I am humbled by the overwhelming outpour of support and love from within the fraternity and beyond in response to my previous letter, “I’m Sorry, I’m Leaving”.
I wrote the letter for a few reasons. I sought to give voice to the multitude of government doctors and other health care professionals who have valiantly strove hard to make it work but ultimately found their efforts to be in vain, and are now leaving the country weary and disappointed.
I also hoped to illustrate that while financial remuneration might be a factor in the decision to leave, there are other intangible aspects at play, such as lack of job satisfaction and opportunities for self-actualisation.
On a more personal note, I wrote it as a form of closure to my dream of lifelong public service in Malaysia.
While that personal dream has vanished, my dream for the Malaysian health care system is still fighting to see the light of day. What can I say? I am a stubborn idealist and fervent dreamer.
I dream of the day when our health care system is optimally staffed at all levels and properly equipped. The day when “work-life balance” is a reality, rather than an aspiration.
The day when we no longer worry about disruptions in the availability of laboratory tests and medications due to funding issues. The day when we can rely on regularly maintained equipment rather than roll the dice with malfunctioning ones.
The day when staff nurses and assistant medical officers are not forced to cover gruelling double eight-hour shifts every other day, because there is simply not enough manpower.
The day when we read about doctors dying in car accidents after pulling 36-hours shifts in history books, rather than newspapers.
I dream of the day when the workload ceases to be overwhelming. Only then would each patient receive the time that they deserve to understand their illness and medications better.
Doctors and pharmacists would be able to properly educate and counsel every patient.
No more would they be compelled, under the pressure of time, to barrage patients with an avalanche of information and hope that it sticks, all within a grand total of two minutes per patient.
Perhaps then will our patients have good health literacy.
I dream of the day when Malaysian patients and doctors are equal partners in the pursuit of health. Patients need to take ownership of their own health, and to seek treatment earlier rather than later.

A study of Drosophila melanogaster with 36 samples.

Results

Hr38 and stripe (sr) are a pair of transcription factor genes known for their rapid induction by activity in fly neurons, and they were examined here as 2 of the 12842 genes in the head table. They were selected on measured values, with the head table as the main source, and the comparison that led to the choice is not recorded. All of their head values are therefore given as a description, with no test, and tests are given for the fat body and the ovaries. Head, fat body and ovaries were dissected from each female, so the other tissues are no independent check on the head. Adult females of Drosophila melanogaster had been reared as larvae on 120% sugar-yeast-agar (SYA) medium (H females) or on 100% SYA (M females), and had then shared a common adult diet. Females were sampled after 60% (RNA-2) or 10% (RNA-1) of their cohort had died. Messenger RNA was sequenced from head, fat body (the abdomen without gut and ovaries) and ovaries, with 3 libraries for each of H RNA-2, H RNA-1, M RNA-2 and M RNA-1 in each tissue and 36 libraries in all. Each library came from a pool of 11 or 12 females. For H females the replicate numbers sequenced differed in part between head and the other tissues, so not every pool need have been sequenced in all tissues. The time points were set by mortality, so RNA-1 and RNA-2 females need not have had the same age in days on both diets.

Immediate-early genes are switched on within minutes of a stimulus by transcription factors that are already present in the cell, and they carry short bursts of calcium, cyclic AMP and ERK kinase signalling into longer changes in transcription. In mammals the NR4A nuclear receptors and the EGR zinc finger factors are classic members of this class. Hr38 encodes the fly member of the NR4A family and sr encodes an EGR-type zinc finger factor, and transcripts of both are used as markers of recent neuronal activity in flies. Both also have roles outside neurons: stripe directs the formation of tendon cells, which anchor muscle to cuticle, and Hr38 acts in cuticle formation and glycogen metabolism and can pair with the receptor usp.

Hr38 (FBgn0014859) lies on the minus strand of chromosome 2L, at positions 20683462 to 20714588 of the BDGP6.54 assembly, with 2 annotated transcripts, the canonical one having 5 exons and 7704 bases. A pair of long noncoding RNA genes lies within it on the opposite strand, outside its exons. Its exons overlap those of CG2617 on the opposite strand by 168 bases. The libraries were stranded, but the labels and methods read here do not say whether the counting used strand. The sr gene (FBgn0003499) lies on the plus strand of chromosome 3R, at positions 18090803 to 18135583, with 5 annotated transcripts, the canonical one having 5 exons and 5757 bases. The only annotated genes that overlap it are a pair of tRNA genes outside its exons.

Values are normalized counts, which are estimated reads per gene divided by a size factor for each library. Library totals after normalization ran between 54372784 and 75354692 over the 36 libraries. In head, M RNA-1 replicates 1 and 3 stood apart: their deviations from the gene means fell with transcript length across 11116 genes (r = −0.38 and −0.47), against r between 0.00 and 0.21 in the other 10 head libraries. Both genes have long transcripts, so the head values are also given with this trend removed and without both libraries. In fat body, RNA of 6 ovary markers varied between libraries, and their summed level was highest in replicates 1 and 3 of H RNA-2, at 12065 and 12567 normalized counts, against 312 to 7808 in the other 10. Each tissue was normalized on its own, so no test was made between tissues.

At the same time, we also need to ensure that they are able to do so by ensuring easy accessibility of tertiary services, not just primary care, across the country.
The elephant in the room in any discussion of health care reform is of course health care financing. Without funds, the whole matter becomes moot. The lack of a sustainable financing model underpins all other symptoms of our ailing system.
This thorny issue has been debated multiple times before, with no concrete outcome. Before we demand for action from the government, perhaps we, the rakyat and the owners of the Malaysian public health care system, have to recognise the hard truth – the current financing scheme is not tenable, and needs urgent review.
A cup of coffee costs way more than RM1 these days, yet we somehow expect that same ringgit to cover a doctor’s consultation, adequate staffing of allied health support services, costs of laboratory and radiological investigations, and even medication supply.
This is one pipe dream which will never materialise.
On the other hand, I know that my Malaysian health care dream is definitely within our reach. Our country has the brains, and it is slowly building up the necessary will required to effect these changes.
Sustained public discourse and institutional action to revamp health care financing is imperative, lest this dream remains exactly that – a mere dream.
Happy 2023, Malaysia. May this year be the year of healing for our public health care system.
Dr Leonard Goh previously served as a contract doctor in a Ministry of Health hospital from 2019 to 2022. He has since resigned from government service and will be moving overseas to further his career in the near future. The opinions expressed here are his own and do not necessarily reflect those of the organisations he is/was affiliated to.